They Came, They Saw, They Bought It All


haul shopping.JPGI was born without a shopping gene.

While my girlfriends drool over blouses in clothing stores, I get antsy and fight the urge to flee. Shopping is more of a search-and-destroy mission for me than a fun time spending hours looking for a perfect [fill in article of clothing here].

Thankfully for the U.S. economy, I am the minority.

While I may not be into shopping, thousands of young women love it so much that they’ve taken to making “haul videos” to display, on the Internet, their (manifold!) fashion purchases. Typically these girls sit in their bedrooms before a webcam and slowly, lovingly identify every detail of every piece of whatever they just bought, be it under-eye concealer, jewelry or a huge mound of clothing. (For non-shoppers, it can be agonizing to watch, and you might yell out in pain as they fawn over an eyelash curler.)

Some critics say the girls do this to show off. Others say they do it to help other shoppers find exactly what they’re looking for (in addition to, possibly, showing off). Either way, consumers are noticing—to the tune of hundreds of millions of Internet hits.

National Public Radio commentator Viet Le calls the YouTube phenomenon “PG girl porn.” Kit Yarrow, a consumer psychologist, told ABC News that the videos are “a vicarious pleasure. You don’t have to spend the money and you still get the thrill; it’s a bit like pornography.”

But observers also say that by video blogging their purchases, these young ladies are becoming savvy entrepreneurs. Some are raking in big bucks through sponsorships, product deals and magazine spreads. Shishir Mehorotra, director of product management at YouTube, told ABC, “We have hundreds of partners that make over $1,000 a month, and we have several that are making six figures and really are supporting a living off of YouTube.”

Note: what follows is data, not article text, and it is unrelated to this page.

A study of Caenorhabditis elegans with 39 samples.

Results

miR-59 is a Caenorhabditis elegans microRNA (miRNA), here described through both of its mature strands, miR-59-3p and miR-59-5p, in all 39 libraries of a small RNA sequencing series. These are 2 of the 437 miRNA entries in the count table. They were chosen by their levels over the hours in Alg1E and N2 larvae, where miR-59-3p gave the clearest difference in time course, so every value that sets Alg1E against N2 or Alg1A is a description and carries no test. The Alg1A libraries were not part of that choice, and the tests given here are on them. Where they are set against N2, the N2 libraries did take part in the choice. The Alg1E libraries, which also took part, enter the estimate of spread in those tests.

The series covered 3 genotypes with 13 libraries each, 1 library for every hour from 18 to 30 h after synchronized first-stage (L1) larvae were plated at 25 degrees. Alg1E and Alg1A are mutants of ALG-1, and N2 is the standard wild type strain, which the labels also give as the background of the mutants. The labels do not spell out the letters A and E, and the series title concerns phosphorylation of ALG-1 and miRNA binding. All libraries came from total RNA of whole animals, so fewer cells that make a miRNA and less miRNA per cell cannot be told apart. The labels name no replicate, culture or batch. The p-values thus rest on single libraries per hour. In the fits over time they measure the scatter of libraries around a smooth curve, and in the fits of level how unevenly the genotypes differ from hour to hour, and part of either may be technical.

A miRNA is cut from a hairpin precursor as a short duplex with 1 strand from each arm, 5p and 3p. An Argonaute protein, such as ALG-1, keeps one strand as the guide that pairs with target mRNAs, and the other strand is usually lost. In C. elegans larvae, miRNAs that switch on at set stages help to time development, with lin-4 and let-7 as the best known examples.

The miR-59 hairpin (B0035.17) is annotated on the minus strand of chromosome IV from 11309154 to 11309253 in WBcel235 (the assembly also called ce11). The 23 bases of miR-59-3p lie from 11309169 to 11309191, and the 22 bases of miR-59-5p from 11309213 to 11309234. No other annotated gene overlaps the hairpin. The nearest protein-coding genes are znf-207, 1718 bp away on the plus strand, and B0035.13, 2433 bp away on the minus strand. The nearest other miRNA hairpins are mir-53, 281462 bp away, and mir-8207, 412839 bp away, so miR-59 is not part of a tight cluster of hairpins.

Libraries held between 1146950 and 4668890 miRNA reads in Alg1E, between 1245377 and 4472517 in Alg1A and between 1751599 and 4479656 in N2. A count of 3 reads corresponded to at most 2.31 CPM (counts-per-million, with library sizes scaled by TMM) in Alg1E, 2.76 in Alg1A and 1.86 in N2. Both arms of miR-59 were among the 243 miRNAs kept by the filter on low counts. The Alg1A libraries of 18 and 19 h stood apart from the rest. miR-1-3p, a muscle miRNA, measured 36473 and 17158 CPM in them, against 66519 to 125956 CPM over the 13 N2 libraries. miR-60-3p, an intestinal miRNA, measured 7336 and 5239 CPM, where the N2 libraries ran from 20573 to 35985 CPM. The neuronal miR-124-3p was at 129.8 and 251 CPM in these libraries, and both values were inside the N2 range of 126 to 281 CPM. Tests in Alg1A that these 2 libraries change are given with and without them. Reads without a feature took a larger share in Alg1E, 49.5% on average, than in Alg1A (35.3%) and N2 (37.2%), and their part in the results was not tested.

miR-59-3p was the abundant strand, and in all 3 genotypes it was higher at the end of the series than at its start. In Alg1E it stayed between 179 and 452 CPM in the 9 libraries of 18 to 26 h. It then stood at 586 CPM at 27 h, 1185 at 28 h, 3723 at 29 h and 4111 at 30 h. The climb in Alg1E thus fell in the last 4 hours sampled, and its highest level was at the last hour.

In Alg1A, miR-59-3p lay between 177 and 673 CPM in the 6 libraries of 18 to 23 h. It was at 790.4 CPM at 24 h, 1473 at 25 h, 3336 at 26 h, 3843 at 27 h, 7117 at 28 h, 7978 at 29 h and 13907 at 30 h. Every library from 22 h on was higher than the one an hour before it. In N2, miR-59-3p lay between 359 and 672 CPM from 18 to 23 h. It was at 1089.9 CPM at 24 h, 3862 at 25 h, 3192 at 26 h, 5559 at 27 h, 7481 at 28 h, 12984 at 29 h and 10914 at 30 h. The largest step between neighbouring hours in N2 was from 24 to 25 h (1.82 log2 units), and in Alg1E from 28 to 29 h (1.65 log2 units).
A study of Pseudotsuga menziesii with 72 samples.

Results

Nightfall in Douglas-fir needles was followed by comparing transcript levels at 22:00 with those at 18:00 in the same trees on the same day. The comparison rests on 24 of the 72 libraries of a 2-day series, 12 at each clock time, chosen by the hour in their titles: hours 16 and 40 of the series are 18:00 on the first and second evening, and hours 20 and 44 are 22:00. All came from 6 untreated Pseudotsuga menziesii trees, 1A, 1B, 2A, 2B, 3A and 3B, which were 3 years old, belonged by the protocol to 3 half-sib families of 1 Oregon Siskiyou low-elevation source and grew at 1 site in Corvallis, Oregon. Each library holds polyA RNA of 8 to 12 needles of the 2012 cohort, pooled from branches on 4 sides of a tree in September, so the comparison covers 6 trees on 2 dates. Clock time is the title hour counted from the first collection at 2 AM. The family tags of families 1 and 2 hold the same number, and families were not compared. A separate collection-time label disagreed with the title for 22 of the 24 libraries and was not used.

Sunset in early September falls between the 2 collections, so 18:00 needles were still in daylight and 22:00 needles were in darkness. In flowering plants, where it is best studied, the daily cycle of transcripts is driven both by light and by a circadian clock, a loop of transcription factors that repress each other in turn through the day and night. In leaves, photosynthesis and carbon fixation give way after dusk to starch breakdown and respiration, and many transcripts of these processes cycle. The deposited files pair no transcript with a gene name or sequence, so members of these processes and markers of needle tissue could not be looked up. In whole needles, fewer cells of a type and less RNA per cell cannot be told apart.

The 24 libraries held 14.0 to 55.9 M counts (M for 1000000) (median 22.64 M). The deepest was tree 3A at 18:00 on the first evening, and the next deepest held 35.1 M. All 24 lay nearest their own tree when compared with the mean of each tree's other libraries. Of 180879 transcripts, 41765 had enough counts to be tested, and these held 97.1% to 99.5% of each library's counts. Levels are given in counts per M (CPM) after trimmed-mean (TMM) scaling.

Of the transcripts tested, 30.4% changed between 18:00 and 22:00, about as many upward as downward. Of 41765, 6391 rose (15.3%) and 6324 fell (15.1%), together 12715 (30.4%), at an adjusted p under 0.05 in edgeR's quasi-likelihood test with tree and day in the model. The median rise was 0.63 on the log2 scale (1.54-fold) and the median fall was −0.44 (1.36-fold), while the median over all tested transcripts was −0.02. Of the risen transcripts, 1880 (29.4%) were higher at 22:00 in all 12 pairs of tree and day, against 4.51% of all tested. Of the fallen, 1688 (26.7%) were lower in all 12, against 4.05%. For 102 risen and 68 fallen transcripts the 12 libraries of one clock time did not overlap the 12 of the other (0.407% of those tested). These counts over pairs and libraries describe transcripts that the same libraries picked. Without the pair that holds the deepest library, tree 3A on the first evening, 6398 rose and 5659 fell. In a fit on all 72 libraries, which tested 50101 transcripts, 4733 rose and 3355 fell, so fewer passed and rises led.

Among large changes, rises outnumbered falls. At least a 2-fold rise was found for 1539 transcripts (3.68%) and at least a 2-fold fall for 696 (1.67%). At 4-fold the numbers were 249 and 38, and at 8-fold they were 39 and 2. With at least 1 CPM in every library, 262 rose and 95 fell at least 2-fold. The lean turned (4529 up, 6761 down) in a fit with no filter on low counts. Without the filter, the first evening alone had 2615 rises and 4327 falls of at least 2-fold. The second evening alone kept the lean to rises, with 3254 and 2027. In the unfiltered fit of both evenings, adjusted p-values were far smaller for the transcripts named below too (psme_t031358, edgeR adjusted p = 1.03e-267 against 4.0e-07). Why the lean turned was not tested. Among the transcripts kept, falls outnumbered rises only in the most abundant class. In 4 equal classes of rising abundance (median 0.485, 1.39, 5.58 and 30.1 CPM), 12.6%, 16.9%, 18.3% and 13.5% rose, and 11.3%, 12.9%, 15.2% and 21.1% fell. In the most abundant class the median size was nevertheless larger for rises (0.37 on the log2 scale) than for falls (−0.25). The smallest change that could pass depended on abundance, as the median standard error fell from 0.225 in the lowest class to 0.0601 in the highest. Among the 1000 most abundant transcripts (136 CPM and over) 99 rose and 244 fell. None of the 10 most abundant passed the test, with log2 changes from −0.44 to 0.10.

Is this voyeurism? Superior shopping? Do these girls seriously need to get a life beyond themselves? Or are haul videos an opportunity to unite technology and entertainment with social media to help rescue the U.S. economy?

I’ll let you decide how to answer. Two of the most popular vloggers are sisters Elle and Blair Fowler. Watch their vlogs (if you dare) and feel free to share any comments—if you can make it past any eyelash curlers.

Who wrote this?

Meredith has had two careers: one as a writer/editor for both Focus on the Family and The Navigators, and one as an English teacher trekking far-flung corners of Europe, Africa and Asia. She now rejoins Focus, but with souvenirs—including new eyes with which to better view American culture.

Have something to say? Leave a comment.

Anonymous More than 1 year ago

Comment by  sosmallgirl:

While I'm an avid fan of the YouTube beauty community (various YouTubers giving beauty-related tips and tutorials on makeup, fashion, or skincare) I find the hauls a bit too materialistic. Especially if they're on expensive products. I don't really see the point of hauls, as I think they just encourage viewers to want similar items. What I don't mind watching is hauls that are less extravagant and more like deals. If the items were on sale, or a coupon was used in purchasing them, I enjoy watching them. I like seeing how money was saved in haul videos, rather than ones in which a large amount of money was spent.

I do think girls like Elle and Blair can go overboard with their obsession for beauty, as well as encourage other girls to do the same thing. I wonder exactly how positive of an influence these girls have over their viewers. If you notice, Elle has over 250k subscribers, while Blair has over 300k. I would think that if pre-teen girls were exposed to this over a long period of time, they might start comparing themselves with the sisters, which could have a negative impact on their self-esteem.